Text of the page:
How much will 1 bitcoin be worth in 2030


So let’s suppose Bitcoin is a runaway success. What would the world look like in 2030?

In the year 2030, 20 million bitcoins are in circulation; all but 1 million of the 21 million maximum have been mined.

Unfortunately, the future didn’t work out well for Crowley: He didn’t pay close attention to Chapter 3 and lost all his bitcoins in the infamous hack in 2019. Consequently, he’s spending his days as a real estate agent and driving semitrucks cross country on the weekends for a living.

So exactly what would 20 million bitcoins look like? Well, unbeknownst to Crowley, if the 20 million bitcoins were each the size of a penny and were stacked as tightly as mathematically possible, they would almost exactly fill the inside of Crowley’s US standard-sized, 53-foot semitrailer!

What Will a Bitcoin Be Worth in 2030?

Most likely, bitcoins will be worth zero in the year 2030: Despite the currency’s early extraordinary success, 2030 is just too far in the future and too many events could trigger its demise. However, we can predict what the value of a bitcoin would be if Bitcoin achieved mainstream adoption.

For the rest of this chapter, let’s imagine a world in which 1 billion people use bitcoins regularly. That number doesn’t include everyone, because traditional currencies will still be used as well. So how many bitcoins might a typical Bitcoin user own in this future world?

Given that 20 million bitcoins would be in use in 2030, on average each person would own 0.02 bitcoins. Of course, wealth is never evenly distributed, and in all likelihood the top 1 percent would own more than 50 percent of the bitcoins (unfortunately, Bitcoin is unlikely to solve this problem on its own). Therefore, the typical Joe would own approximately 0.01 bit-coins, most likely referred to at this time as 10,000 microbitcoins.

Referring back to the example of a semitrailer of penny-sized bitcoins, the typical Joe’s savings would consist of a fragment of a penny, about the size of a grain of sand a cubic millimeter in size.

As discussed in Chapter 6, the role that Bitcoin could fulfill that would produce the highest possible value per coin is as a store of value, in which case the typical Joe might store $1,250 of his savings in Bitcoin. If this extreme scenario were true, calculating the value of a single coin would be $1,250 divided by 0.01, or a ludicrous $125,000 per coin.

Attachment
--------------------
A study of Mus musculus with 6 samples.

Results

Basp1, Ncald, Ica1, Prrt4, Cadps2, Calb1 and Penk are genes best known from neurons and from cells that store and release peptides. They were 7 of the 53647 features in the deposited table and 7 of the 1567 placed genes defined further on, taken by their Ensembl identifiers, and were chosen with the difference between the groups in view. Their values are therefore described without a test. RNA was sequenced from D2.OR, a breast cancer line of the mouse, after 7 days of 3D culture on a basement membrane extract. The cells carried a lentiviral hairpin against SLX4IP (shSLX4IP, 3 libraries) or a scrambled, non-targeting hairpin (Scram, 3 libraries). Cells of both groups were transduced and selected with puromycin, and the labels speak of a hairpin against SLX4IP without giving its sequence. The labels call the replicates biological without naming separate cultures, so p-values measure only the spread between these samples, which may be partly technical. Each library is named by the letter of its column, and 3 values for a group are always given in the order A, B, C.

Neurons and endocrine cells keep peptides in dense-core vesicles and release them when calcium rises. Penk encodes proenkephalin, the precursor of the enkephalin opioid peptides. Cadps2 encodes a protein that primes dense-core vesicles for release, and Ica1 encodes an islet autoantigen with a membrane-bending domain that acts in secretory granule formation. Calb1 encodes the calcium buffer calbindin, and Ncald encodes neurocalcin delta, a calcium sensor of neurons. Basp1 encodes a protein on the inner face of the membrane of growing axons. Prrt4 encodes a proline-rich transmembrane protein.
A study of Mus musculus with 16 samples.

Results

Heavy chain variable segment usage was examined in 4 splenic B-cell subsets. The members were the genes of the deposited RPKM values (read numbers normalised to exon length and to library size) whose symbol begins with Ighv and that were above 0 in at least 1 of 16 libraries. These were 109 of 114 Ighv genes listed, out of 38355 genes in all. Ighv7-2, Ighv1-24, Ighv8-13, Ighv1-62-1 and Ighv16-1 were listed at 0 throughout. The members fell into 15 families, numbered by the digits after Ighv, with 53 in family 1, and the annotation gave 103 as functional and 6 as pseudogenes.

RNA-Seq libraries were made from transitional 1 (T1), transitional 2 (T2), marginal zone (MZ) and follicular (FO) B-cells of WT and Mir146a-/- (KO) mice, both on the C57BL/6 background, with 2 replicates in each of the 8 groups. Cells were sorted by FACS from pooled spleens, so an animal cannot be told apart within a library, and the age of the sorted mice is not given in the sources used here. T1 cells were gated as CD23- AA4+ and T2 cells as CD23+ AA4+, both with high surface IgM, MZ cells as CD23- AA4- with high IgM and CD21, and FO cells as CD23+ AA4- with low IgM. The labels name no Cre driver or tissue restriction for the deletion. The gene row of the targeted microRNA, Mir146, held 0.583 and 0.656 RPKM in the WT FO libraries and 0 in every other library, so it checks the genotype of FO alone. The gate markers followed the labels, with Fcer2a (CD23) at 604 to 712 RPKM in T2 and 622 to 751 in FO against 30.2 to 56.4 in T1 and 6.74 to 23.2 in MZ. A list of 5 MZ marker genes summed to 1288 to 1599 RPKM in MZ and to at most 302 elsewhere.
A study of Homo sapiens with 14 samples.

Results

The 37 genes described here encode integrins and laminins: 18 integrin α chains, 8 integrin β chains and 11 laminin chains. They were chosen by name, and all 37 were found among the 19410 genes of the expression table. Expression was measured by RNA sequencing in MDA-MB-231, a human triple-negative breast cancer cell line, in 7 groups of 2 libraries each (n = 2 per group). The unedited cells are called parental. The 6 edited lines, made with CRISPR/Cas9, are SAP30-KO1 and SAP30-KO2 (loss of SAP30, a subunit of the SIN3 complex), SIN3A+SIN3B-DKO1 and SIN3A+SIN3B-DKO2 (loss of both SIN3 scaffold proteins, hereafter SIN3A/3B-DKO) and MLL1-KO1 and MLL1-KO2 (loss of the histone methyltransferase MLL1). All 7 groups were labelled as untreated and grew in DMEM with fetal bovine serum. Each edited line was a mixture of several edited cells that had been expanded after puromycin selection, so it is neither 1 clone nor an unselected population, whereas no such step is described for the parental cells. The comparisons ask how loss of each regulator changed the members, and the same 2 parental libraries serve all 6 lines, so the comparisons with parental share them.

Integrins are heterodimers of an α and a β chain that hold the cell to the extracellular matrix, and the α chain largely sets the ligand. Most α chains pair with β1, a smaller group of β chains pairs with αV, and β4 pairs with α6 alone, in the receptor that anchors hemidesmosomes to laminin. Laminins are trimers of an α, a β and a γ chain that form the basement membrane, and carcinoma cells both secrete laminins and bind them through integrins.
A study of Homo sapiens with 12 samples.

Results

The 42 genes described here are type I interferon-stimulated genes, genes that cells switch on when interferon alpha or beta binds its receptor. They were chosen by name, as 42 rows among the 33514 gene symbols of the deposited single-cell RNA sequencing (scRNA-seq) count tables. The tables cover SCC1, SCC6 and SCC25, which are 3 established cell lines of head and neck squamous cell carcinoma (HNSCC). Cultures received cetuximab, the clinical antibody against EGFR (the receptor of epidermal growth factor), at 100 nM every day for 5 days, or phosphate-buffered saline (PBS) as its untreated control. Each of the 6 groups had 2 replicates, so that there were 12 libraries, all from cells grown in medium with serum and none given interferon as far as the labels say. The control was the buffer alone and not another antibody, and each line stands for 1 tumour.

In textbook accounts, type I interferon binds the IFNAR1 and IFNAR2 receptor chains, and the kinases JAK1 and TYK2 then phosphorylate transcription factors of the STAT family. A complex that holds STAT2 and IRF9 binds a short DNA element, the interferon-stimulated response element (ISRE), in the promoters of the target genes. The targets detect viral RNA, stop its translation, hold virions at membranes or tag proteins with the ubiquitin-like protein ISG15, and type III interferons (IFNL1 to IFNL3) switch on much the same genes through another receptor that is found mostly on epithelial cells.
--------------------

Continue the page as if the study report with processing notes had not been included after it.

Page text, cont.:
Bitcoin Mining in 2030

Using bitcoins to buy morning coffee, lunch, car fuel, and some online products, an average user might make 10 transactions a day.[1] A billion people making 10 transactions each per day is a substantial number of transactions! In fact, the number would be just over 100,000 transactions per second, which is 25-50 times more than the number VISA processes today. If transaction fees remained low (a must if many people adopt the currency)—let’s say a penny each—the result would be $100 million dollars a day in transaction fees!

Although mining rewards in 2030 will be less than two bitcoins per block (based on the current schedule), if bitcoins have appreciated significantly in the interim, the mining rewards might still be considerable.

But most transactions might be off-chain transactions. (Off-chain transactions are Bitcoin transactions that are not handled by the blockchain but are instead handled by the ledgers managed by Bitcoin wallet vendors, in order to save on transaction fees for smaller payments.) Consequently, those 10 billion transactions per day may be only 1 million transactions per day as recorded on the blockchain. However, no matter how they are processed and reconciled, any payment system used by a billion people will generate many billions of transactions daily.

Mining would be very competitive, and the profit margins would be extremely slim. Only those with the most energy-efficient miners and cheapest electric power could stay in business. Assuming that the most efficient mining technology requires 0.1 J/GH, that electricity costs $0.10 per kWh, and that $100,000,000 a day in transaction fees is generated, the break-even hash rate would total more than 500 exahashes/s (500,000 PH/s)! Even assuming that mining technology is 100 times more computationally compact than it is currently, the amount of ASIC mining hardware required to achieve that level of mining power would fill around 5,000 small apartment buildings.

At a hash rate of more than 500 EH/s and an energy efficiency of 0.1 J/GH, a much greater amount of electric power will be needed to devote to mining. Over 50 GW would be used for Bitcoin mining, which is a bit less than 5 percent of the power produced by the United States today and about 0.3 percent of the global power output. Of course, if the expense of electricity increases, the network hash rate would drop. Bitcoin mining doesn’t require a specific hash rate to function; however, the cheaper the electricity, the more Bitcoin miners will operate.

At this point, we’ve had fun speculating about the price of a bitcoin in a world dominated by this currency and discussing the infrastructure that would likely evolve around it. But what might life be like for an average bit-coiner in the year 2030?

  • [1] Note that we are not including micropayments, which Bitcoin makes possible and can number in the thousands per user per day. In this scenario, we are just referring to buying-things-that-cost-a-dollar-or-more transactions.